UK on Friday called on China and demanded that the United Nations be given “unfettered access” to Xinjiang, pointing to the grave concerns about China’s policies against the Uyghur Muslims in the region.
Speaking at the UN Human Rights Council on Friday, Tariq Mahmood Ahmad, Minister of State for South Asia and the Commonwealth, called for “China to uphold the rights and freedoms in the Joint Declaration, to respect the independence of the Hong Kong judiciary, allow unfettered access to Xinjiang and to release all those who are arbitrarily detained”.
He said, “There is compelling evidence, including from the Chinese authorities’ own documents, of systematic human rights violations”.
“Culture and religion are severely restricted, and we have seen credible reports of forced labour and forced birth control. Staggeringly, up to 1.8 million people have been detained without trial,” he said.
The period of “golden relationship” of UK and China has been under pressure of late. The UK fell out with China over the National Security Law imposed by it in Hong Kong. The UK has alleged imposition of such a law in China violates their “One Country, Two Systems” agreement of 1997 when Hong Kong changed hands from the UK to China as their special administrative region.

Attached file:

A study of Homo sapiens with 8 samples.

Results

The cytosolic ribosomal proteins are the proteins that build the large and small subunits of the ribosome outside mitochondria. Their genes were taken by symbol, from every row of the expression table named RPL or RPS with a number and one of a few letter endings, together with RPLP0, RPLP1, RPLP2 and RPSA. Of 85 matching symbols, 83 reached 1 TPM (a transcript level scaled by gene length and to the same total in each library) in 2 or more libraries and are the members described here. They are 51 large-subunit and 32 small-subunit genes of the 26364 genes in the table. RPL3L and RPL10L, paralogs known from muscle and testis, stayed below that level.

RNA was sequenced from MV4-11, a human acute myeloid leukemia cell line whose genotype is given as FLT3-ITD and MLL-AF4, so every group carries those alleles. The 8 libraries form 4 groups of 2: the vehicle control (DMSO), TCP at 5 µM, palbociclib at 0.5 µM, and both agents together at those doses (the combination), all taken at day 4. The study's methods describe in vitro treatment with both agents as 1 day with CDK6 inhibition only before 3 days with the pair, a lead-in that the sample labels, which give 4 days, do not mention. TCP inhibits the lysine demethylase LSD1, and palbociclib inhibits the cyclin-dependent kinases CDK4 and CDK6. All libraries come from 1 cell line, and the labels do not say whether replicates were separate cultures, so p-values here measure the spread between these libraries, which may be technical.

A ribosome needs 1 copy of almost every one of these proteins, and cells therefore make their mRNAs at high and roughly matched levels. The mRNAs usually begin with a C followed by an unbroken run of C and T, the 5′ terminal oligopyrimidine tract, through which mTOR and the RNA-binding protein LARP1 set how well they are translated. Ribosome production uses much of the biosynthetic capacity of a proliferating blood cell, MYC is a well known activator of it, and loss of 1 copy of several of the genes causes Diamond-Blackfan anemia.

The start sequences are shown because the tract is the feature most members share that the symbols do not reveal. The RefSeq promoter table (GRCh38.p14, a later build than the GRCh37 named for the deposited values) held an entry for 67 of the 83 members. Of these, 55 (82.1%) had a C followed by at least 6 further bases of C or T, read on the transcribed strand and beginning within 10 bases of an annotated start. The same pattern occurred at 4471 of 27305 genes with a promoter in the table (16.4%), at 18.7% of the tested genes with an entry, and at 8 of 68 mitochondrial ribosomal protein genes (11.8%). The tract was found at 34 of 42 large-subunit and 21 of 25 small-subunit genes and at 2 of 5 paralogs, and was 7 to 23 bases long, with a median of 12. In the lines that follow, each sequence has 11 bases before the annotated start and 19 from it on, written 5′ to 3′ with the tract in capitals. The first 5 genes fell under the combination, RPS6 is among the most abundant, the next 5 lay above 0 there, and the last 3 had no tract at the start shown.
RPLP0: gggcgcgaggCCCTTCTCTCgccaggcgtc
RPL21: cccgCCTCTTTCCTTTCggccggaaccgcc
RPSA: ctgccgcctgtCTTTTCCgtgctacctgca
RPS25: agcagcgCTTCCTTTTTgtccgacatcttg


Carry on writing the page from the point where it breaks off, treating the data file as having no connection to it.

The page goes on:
Raising worry over the lack of media freedom to report on such matters Tariq Mahmood Ahmad said, “In Hong Kong, Beijing’s imposition of the National Security Law is a serious breach of the legally binding Sino-British Joint Declaration. It violates Hong Kong’s high degree of autonomy and directly threatens rights and freedoms.”
He further added, “The National Security Law is being implemented with the apparent intention to eliminate dissent. It allows prosecution of certain cases in mainland China, a jurisdiction where defendants are often held for long periods without charge or access to legal counsel, and where we have concerns about judicial independence, due process, and reports of torture.”
The statement on Friday is a follow up on a joint statement made on Xinjiang and Hong Kong on behalf of 27 other countries at the 44th session of the UN Human Rights Council on June 30 this year, highlighting concerns about arbitrary detention, widespread surveillance, and restrictions in Xinjiang.